Friday Newsletter

Explore the latest trends, gain valuable insights, and stay informed in the dynamic cryptocurrency ecosystem.

24 May 2024

The United States Securities and Exchange Commission (SEC) approved spot Ether exchange-traded funds (ETFs) on May 23, but unlike the spot Bitcoin ETFs, the approval did not involve a vote from the five-member committee, including SEC chief Gary Gensler. Instead, the approval was granted by the SEC’s Trading and Markets Division.

This marks a distinct process compared to the spot Bitcoin ETFs, which were approved in January through a voting process by the entire SEC committee, including Gensler. For the spot Ether ETFs, the SEC approved 19b-4 filings from prominent firms like BlackRock, Fidelity, Grayscale, Bitwise, VanEck, Ark, Invesco Galaxy, and Franklin Templeton without extensive commentary beyond the official filing statement:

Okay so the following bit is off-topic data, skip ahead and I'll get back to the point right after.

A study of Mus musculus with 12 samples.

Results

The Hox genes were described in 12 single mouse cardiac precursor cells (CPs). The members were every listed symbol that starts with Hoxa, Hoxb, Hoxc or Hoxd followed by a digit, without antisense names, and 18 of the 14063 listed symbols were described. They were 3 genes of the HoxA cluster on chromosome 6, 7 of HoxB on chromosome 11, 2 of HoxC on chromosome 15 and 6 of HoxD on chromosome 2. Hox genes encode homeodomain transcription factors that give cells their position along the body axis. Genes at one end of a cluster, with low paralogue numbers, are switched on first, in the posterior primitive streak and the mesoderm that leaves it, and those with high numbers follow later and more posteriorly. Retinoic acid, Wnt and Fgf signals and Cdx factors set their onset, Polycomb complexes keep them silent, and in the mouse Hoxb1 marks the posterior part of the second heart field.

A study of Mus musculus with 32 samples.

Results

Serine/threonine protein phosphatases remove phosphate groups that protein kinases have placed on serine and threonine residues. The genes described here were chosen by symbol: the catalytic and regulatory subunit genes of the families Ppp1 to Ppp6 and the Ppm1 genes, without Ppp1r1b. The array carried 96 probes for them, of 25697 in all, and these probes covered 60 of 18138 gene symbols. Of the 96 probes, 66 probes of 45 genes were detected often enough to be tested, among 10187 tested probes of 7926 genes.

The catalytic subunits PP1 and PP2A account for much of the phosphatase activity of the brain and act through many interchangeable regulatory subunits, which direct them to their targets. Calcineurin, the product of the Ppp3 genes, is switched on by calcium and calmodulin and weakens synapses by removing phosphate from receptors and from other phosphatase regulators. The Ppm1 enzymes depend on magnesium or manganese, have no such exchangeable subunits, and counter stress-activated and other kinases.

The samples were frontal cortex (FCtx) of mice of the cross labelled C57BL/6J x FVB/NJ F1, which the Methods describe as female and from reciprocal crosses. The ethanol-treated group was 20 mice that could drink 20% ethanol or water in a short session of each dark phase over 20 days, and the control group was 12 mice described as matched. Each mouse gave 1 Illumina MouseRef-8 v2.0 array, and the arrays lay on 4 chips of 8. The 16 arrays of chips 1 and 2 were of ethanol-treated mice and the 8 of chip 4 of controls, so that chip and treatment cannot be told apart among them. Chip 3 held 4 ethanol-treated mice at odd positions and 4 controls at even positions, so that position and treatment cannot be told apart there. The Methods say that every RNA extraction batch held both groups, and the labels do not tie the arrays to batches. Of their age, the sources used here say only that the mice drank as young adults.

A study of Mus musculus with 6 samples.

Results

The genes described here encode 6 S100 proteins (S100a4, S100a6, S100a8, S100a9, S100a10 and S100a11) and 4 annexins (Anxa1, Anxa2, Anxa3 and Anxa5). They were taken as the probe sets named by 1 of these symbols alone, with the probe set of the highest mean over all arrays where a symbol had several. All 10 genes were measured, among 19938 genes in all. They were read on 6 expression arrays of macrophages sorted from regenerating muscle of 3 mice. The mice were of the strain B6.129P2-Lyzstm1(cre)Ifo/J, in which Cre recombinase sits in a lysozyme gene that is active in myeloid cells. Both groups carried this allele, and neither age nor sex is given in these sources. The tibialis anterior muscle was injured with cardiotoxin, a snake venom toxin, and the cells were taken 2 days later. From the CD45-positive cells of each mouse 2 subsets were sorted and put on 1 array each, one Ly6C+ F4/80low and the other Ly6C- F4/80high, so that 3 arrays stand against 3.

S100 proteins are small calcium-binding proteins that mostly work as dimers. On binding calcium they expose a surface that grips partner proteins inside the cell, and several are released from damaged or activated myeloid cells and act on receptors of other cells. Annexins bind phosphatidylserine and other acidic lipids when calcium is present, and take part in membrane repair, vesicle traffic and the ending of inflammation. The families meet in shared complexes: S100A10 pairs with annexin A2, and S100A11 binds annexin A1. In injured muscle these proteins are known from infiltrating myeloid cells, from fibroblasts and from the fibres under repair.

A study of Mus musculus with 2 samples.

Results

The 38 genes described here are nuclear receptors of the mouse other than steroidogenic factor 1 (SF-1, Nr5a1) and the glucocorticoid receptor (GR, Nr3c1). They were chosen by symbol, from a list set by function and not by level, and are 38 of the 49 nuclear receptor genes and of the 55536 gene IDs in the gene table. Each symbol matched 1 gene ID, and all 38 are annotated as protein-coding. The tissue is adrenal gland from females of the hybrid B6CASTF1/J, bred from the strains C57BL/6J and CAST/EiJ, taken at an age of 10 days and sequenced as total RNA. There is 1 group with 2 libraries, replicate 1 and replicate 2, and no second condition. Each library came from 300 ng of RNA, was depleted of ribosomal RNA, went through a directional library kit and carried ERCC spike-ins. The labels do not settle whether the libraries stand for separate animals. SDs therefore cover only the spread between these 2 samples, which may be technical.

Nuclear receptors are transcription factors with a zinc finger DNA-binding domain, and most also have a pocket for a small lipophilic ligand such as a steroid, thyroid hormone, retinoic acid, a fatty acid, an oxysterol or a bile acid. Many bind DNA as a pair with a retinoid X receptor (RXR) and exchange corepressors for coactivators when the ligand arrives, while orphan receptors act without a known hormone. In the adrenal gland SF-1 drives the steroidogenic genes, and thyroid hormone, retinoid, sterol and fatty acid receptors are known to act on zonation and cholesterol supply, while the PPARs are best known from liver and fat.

“For the Commission, by the Division of Trading and Markets, pursuant to delegated authority.”

Bloomberg ETF analyst James Seyffart explained that such procedural differences are normal and that requiring an official vote for every decision would be impractical. However, some in the crypto community speculate that this method was used to obscure political affiliations within the SEC.

An X user suggested that a commissioner might challenge the decision within the next 10 days, hinting at potential political motives behind the delegated authority. Another user linked the SEC’s decision to political pressures, upcoming elections, and new environmental, social, and governance (ESG) regulations.

A notable difference between the approval processes is that the spot Bitcoin ETFs started trading immediately after approval, having already secured S-1 form clearance. In contrast, spot Ether ETFs may take weeks or months to hit exchanges as the filers await S-1 SEC registration.